FRONT PAGE CONTRIBUTOR
Charles Maurice de Talleyrand And Leon Panetta.
French Dictator Napoleon Bonaparte once said of Charles Maurice de Talleyrand that like garbage, Talleyrand floated to the top of the harbor. He also hired Talleyrand to be the Grand Chamberlain of The French Empire. The two had quite the falling out after which Napoleon referred to him as um, fertilizer in a silk stocking. Talleyrand then went on to negotiate on France’s behalf after Napoleon received his ticket to Elba.
For some reason Talleyrand comes to mind as I watch the comings and goings of second-rate DC careerists with a bemused and mordant contempt. Jake Tapper tells us that yet another chunk of um, fertilizer has successfully achieved buoyancy above the current District of Columbia political cesspool. Ladies and Gentleman, Mr. Tapper gives you your next Secretary of Defense:
Sources tell ABC News that President Obama will nominate CIA director Leon Panetta to replace Defense Secretary Robert Gates. The president will nominate Gen. David Petraeus to serve as director of the CIA. The president will also nominate Marine General John Allen to replace Petraeus as ISAF commander in Afghanistan, and Ryan Crocker as US Ambassador to Afghanistan, replacing Karl Eikenberry.
To examine the career of Leon Panetta is to look back on the career of the consummate careerist and political survivor. Answers.com gives us a rundown of Panetta’s political CV.
After his discharge from the Army in 1966, the 28-year-old Panetta became an aide to moderate Republican Thomas H. Kuchel, U.S. senator from California.
On May 26, 1970, he joined New York City mayor John V. Lindsay as an executive assistant for intergovernmental relations.
In 1976 he won the Democratic nomination for the 16th (now the 17th) Congressional District and defeated Republican incumbent Burt I. Talcott, receiving 53 percent of the vote. He served for 16 years.
As head of OMB Panetta helped the Clinton administration pass the hard-fought budget bill of 1993 (it passed the House by one vote) and the easily passed budget bill of 1994. In July of 1994 Panetta was appointed chief of staff to President Clinton and served until 1997.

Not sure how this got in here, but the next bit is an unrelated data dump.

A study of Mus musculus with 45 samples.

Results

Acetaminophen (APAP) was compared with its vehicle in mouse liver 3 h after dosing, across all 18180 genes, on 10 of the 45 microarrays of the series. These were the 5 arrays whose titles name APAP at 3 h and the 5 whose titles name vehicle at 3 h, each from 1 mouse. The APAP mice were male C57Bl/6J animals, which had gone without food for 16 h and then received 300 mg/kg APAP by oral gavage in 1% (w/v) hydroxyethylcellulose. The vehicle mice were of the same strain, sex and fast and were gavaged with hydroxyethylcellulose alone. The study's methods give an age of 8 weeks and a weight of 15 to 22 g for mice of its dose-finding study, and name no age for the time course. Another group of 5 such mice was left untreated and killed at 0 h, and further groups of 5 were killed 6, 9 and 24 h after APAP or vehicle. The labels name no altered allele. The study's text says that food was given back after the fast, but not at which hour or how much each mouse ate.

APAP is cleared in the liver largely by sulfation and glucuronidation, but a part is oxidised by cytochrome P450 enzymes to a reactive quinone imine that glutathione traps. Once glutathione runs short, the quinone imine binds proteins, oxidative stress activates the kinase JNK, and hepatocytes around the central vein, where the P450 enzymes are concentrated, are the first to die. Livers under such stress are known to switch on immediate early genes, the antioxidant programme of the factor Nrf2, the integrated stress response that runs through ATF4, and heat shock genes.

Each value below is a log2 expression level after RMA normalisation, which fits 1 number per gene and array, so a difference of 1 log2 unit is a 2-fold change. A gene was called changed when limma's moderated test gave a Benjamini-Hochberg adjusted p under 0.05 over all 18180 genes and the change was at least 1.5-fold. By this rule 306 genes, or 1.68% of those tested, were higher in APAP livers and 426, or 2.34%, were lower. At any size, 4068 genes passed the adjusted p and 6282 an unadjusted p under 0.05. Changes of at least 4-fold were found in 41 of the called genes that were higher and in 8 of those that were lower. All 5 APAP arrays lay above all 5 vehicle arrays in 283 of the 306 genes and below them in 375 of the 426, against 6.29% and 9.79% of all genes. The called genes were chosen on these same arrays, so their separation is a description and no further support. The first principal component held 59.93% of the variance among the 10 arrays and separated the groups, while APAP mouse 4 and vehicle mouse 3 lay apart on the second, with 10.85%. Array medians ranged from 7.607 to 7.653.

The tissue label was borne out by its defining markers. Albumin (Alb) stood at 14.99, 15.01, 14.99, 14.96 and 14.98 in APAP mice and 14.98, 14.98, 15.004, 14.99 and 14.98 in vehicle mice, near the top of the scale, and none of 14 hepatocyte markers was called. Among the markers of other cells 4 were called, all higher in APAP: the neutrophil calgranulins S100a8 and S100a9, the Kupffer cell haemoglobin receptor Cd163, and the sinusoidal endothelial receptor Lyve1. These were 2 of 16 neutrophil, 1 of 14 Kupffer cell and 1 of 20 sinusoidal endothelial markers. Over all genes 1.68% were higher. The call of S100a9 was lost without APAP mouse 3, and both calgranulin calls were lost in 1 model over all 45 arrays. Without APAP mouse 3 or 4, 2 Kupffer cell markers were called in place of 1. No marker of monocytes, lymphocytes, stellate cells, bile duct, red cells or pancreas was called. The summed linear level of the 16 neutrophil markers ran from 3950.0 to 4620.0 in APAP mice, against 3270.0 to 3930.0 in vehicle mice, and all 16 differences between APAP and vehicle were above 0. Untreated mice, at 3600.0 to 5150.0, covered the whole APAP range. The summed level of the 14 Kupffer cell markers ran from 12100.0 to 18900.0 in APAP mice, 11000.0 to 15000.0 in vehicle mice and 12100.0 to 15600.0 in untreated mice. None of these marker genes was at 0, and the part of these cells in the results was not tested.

In January 2009, President Barack Obama nominated Panetta for the post of CIA Director; he was confirmed by the full Senate on February 12, 2009 and assumed the office the next day.
Panetta’s choice to be CIA Director surprised many. Senator Diane Feinstein was not in the least bit pleased. She offered the following commentary.
“I was not informed about the selection of Leon Panetta to be the CIA director. I know nothing about this, other than what I’ve read. My position has consistently been that I believe the agency is best-served by having an intelligence professional in charge at this time,” Feinstein said
Leon Panetta’s performance in office was not exactly the stuff of legend. When testifying before Congress about what was happening in Egypt, as acting Director of The CIA, he sourced his information to the news media. Mediaite describes the fustercluck below.
CIA Director Leon Panetta testified to Congress today of a “strong likelihood” that Egyptian President Hosni Mubarak would step down by the end of the day. The report of his impending resignation was only eclipsed by the news that Mubarak would NOT be stepping down as Panetta had indicated to congress. The worse part isn’t that Panetta was basing his statement on on media reports (and not intelligence.).
And yet, despite his buffoonish bureaucratic hackery at CIA, the DC Aristocracy of Pull will pull Leon to the surface of the harbor. The Five-Sided Puzzle Palace is about to become somewhat more puzzling to the untrained observer. Stop expecting reason and order in the direction of our nation’s military affairs. Perhaps its proper irony that the man now in charge of Versailles Upon The Potomac reminds me so fittingly of Charles Maurice de Talleyrand. Maybe this particular piece of fertilizer in a silk stocking can figure out how to salvage the embarrassment that is Libya. Time will surely tell.